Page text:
June 22, 2008
June 22, 2008
June 25, 2008
13.258.1 - 13.258.13
Bridging the Gap between Lab and Lecture Using Computer Simulation
Most engineering technology courses offered today have both lecture and lab components that are taught separately in two different environments. In this setting, students are expected to meet in the lab to perform experimentations and subsequently submit their findings in the form of a lab report. If the lab experiment is not yielding the desired result, the whole experiment may need to be repeated usually under reduced time constraint and stressful conditions. Furthermore, students may not be aware to whether the problem is due to an incorrect design or a defected component. As a result, needless time and efforts could be wasted trying to figure out what is wrong with the circuit. A more serious problem would arise, if the faulty results were to go completely undetected. In this case, students will not only get an unpleasant surprise when confronted but also feel deprived from reaping the benefit of a rewarding experience. However, many of these negative outcomes can be prevented if the lab experiments are analyzed and tested using computer simulation prior to the actual lab implementation.
In this paper, we report our findings from a pilot project using computer simulation as a pre-lab assignment in an engineering technology program. Students in a two sequence electronics course were asked to perform a set of lab experiments using computer simulation software and then compare their results to real lab measurements. The educational merit of this approach is discussed with focus on the successes and lessons learned from the implementation process. Preliminary assessment results including direct and indirect measurements satisfying ABET1 requirements are addressed. Special emphasis on the evaluation system used to test effectiveness in terms of stated objectives and learning outcomes are presented and discussed in this study.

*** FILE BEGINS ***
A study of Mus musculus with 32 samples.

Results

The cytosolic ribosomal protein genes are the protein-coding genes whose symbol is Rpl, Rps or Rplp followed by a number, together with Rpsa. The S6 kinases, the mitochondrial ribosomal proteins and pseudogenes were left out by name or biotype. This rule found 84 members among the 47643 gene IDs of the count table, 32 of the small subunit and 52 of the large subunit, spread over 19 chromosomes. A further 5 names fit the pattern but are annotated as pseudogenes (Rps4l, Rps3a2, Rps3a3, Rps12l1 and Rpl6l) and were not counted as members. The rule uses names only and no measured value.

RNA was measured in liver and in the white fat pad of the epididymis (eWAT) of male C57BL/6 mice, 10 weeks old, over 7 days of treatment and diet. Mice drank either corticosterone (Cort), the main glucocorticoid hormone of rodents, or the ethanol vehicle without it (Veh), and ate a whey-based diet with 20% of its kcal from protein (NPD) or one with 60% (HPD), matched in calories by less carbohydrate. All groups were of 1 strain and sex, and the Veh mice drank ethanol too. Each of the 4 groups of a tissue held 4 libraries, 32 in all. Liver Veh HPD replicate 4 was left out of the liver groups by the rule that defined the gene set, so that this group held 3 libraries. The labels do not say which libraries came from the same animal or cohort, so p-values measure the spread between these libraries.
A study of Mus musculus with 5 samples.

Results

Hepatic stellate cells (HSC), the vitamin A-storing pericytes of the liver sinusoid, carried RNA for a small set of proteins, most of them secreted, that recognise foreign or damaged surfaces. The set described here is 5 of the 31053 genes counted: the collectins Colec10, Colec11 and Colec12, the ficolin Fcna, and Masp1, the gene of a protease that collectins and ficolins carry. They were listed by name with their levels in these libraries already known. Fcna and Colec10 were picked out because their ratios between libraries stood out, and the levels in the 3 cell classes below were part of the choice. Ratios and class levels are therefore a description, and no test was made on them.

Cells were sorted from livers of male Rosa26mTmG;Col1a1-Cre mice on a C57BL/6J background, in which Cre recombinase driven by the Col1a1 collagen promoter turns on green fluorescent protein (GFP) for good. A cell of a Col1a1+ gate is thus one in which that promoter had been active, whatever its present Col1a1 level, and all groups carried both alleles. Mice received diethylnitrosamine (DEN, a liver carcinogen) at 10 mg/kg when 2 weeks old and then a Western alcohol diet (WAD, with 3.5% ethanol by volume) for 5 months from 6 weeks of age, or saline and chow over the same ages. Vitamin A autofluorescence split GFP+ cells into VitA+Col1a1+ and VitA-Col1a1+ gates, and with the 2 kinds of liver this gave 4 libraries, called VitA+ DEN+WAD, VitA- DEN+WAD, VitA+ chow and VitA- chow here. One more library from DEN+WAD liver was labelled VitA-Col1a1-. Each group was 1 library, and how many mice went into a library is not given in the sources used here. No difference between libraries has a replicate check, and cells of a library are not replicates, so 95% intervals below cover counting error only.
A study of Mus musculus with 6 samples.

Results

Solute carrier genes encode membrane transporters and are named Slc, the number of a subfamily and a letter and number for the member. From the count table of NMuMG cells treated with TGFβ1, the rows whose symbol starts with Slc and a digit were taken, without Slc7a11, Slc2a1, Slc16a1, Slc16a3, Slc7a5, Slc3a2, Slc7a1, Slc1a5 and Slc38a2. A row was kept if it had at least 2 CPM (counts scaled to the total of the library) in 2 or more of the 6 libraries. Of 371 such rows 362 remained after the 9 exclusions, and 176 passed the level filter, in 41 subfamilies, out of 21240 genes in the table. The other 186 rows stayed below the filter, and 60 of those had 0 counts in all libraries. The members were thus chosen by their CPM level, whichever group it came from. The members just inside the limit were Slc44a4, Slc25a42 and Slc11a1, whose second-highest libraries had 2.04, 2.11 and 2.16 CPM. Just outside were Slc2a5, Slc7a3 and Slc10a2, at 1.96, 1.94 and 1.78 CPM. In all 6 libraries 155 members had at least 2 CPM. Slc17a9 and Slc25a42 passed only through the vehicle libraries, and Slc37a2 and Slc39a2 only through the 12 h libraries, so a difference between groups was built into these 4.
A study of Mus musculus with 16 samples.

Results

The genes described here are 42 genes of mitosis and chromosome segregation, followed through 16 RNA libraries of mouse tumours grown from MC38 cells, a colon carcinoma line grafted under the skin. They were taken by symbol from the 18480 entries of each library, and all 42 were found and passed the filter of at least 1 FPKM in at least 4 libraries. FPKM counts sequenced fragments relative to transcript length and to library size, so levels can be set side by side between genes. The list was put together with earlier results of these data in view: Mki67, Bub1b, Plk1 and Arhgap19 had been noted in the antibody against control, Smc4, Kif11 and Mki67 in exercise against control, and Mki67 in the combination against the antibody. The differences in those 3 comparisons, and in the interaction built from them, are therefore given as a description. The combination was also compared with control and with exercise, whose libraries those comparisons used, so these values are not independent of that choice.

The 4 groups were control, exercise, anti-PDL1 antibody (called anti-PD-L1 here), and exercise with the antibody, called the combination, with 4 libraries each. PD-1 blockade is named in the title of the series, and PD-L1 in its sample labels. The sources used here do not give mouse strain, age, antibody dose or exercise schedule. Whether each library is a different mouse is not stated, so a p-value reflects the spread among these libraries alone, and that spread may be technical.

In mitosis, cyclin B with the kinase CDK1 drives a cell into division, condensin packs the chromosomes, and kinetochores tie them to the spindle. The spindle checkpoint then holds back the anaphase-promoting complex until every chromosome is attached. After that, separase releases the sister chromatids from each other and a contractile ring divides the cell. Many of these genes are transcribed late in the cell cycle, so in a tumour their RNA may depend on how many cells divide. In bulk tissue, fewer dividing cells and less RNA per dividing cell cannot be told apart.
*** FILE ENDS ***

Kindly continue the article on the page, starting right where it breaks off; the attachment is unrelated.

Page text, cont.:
Many studies have been performed to evaluate the merits of using computer simulations as opposed to traditional laboratory2,3,4. Researchers found that the “virtual lab” was as effective as the “real lab” in term of student achievement, that is, no significant difference in test scores between students using computer simulation and those who are using traditional lab equipment. However, combining both practices in a hybrid environment5 can offer clear advantages since students will be able to compare their simulated results with actual experimentations. Therefore, our electronics courses were redesigned to use Multisim in conjunction with traditional lab activities. Multisim6 is a popular simulation program used by many engineering educators for its friendly interactive features. It has virtual instruments resembling actual laboratory environment.
Continuous improvement is an important issue for Engineering Technology programs because it defines the framework for assessment and evaluation, which is required by accrediting agencies. Consequently, an accredited program that accomplishes its mission and successfully achieves its program objectives and outcomes must have multiple levels of continuous improvement whose results are used to constantly update and evaluate the program for sustained improvement and continued success.